Alamak! Award 2011: The nominees
The results will be announced at AWARE’s Big Ball on October 17, 2011.
We are well into the 21st century and yet we still have remarks, commercials and policies that perpetuate gender stereotypes and sexist attitudes. So AWARE has created the Alamak! Award, an annual search for the most annoying, face palm, gut wrenching, you-have-got-to-be-kidding-me instance of sexism in Singapore.
Here are the nominees for the first Alamak! Award, submitted by members of the public. Nominations were closed on August 31. The voting deadline was extended to Oct 15 from October 7th due to popular demand BUT IS NOW CLOSED.
The final results are shown below…
Here are the nominees…
Obedient Wives Club Singapore
This initiative by the controversial Global Ikhwan group promotes the view that wives should keep their husbands happy in the bedroom by serving them like “a first-class prostitute”, so as to prevent social ills like prostitution, divorce and domestic violence. News that the Obedient Wives Club was setting up a branch in Singapore made international headlines this year. We say that the Club’s distorted and reductive views of marriage and gender roles is socially divisive and dismissive of the real root causes of marital problems.
Read more here.
The Singapore Armed Forces’ “Our Army, My Boyfriend” Ad
Sexist stereotypes can alienate both men and women, which leaves this recruitment ad in the unfortunate position of pleasing no one. Featuring a group of women giggling and gushing over their girlfriend’s army scholar boyfriend, this ad annoyed men with its shallow portrayal of the SAF soldier as a trophy boyfriend who, rather implausibly, “always has time” for his adoring partner. And it would take a woman with nerves of steel not to be irritated by the ad’s depiction of women as wide-eyed, simpering bimbos – that cloying chorus of “so sweeeet” alone is enough to turn your stomach.
Watch the ad here.
Singapore Airlines’ Employment Policies
It’s a great way to fly – well, perhaps not so much for its female cabin crew. Unlike most other global carriers, SIA’s stewardesses have to resign once they are pregnant unless they can get a ground position, which is difficult to obtain. Steps in the right direction: The airline’s Returning Mothers Scheme, which allows crew to rejoin the company if they meet employment criteria, as well as the initiative announced last year that grants pregnant cabin crew an ex-gratia payment amounting to two months of their basic salary when they resign. But such an exceptional airline and national icon should be held to higher standards of excellence. How about doing away with the automatic termination, paying full maternity benefits, extending the crew members’ flying years and hiring female pilots?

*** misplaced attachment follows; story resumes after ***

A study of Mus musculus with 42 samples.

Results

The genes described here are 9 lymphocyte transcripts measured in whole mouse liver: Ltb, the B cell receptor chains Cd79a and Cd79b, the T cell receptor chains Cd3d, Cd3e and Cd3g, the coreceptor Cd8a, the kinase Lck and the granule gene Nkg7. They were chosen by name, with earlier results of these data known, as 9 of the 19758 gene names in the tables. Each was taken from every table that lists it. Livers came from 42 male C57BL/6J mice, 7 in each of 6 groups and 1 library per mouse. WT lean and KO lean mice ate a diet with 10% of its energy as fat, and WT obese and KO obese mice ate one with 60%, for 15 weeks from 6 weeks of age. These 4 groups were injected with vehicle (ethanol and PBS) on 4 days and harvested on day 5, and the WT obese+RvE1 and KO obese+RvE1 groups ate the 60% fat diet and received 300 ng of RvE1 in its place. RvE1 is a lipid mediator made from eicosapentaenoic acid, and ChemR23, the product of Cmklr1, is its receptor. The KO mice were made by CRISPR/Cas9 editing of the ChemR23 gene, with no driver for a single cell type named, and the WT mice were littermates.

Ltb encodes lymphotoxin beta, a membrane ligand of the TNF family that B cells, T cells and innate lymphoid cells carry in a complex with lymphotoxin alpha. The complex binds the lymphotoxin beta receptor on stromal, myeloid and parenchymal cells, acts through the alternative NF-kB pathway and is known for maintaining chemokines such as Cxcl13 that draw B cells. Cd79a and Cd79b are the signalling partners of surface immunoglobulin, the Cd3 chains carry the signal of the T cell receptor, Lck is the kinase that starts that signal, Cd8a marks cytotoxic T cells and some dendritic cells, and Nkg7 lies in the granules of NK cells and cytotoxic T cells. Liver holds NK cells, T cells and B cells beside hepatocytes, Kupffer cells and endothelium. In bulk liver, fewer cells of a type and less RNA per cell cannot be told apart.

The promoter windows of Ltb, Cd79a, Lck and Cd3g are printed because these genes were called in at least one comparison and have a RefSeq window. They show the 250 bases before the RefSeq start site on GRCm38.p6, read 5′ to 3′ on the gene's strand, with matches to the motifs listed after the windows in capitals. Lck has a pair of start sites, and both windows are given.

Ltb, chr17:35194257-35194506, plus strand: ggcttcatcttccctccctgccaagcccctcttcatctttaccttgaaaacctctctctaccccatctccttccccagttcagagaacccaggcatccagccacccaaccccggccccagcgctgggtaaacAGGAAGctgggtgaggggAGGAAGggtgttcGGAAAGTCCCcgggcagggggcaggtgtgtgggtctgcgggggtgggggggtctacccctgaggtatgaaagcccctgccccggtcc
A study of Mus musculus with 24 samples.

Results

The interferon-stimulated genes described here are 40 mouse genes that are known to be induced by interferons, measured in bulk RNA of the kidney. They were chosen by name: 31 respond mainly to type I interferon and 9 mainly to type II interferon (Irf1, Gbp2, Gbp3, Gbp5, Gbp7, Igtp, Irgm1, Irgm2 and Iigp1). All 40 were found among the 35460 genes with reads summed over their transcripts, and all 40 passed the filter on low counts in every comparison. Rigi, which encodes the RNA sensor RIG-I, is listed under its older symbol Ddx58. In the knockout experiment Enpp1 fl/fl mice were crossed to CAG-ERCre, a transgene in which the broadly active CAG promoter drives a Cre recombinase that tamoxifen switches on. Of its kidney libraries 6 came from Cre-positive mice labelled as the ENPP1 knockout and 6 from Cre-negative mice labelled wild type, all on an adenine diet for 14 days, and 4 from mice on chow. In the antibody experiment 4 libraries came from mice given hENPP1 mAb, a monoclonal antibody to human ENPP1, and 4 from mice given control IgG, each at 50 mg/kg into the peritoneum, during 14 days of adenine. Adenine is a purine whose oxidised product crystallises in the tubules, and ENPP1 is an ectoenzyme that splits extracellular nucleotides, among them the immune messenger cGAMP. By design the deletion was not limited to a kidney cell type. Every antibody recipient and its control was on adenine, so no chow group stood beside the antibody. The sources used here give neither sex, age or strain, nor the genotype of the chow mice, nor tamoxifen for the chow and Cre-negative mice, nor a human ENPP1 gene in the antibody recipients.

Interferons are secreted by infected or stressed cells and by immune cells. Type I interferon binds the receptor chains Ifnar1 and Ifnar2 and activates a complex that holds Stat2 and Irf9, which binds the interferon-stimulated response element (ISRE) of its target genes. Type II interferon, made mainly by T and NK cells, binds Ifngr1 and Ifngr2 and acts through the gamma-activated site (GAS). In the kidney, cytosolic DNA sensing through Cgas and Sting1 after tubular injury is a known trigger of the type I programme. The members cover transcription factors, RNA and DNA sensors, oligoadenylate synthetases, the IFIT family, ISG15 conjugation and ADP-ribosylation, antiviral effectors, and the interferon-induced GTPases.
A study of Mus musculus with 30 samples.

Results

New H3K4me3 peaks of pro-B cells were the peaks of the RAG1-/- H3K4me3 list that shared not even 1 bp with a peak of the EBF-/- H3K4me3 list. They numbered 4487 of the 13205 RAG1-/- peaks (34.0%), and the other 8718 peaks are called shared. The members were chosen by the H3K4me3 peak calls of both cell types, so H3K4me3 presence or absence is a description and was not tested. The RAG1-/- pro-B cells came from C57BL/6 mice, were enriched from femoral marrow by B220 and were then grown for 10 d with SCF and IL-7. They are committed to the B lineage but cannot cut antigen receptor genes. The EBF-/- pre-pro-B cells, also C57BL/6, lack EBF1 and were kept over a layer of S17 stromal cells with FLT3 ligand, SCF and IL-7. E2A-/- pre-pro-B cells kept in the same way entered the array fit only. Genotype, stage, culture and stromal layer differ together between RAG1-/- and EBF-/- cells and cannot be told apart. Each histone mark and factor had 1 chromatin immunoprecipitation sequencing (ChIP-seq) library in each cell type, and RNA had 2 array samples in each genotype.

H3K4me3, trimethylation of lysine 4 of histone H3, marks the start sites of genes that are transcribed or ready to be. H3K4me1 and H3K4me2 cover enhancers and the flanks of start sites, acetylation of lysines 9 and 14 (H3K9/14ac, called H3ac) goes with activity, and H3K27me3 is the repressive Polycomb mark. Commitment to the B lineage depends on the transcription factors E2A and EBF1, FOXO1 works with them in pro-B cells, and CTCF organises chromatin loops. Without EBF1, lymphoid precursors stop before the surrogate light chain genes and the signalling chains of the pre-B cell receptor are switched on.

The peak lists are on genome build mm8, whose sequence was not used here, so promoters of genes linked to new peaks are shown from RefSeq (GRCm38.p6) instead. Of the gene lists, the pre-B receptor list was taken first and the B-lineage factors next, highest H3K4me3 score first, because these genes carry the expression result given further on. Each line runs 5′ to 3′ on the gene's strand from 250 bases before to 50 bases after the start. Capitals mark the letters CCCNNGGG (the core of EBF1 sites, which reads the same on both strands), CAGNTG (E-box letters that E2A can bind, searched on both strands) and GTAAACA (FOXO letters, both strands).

Great Eastern’s “It’s Great To Be A Woman” campaign
It is great to be a woman. Also great: Great Eastern’s declaration that “we’ve committed ourselves to helping women live well, stay healthy and be empowered”. Not so great: This campaign’s consistent, persistent use of cutesy pastel pink, which seems more infantilizing than empowering. Even less great: Campaign taglines like “It’s great to be a Daddy’s girl. It’s sad to be a Mummy’s boy”; “Discrimination works. Especially on Ladies’ Night”; and “Imagine the fuel we save by asking for directions”. Trading in sexist stereotypes that imply all women relish being coddled like princesses is not only a strange way to convey a message of empowerment, it also has nothing to do with the stated mission of “uplifting womanhood and helping women take charge of their health”.
Visit the website.
Desmond Choo, the People’s Action Party’s candidate for Hougang during GE2011
During a rally, the 33-year-old PAP candidate spoke in Teochew of meeting an old man who said that choosing an MP is like choosing a wife. “If your wife is unable to cook, there’s no point. You must choose a wife who is able to do things for you,” Mr Choo quipped, thus delivering arguably the most sexist analogy of the recent General Elections. In the final tally, the first-time candidate received only 35.19 per cent of valid votes. No one can say for sure whether his loss boiled down to his old-fashioned concept of wifely duties, but it certainly didn’t help.
Read more here.
Note: AWARE called for nominations from the public over the last 2 months and these were the names submitted.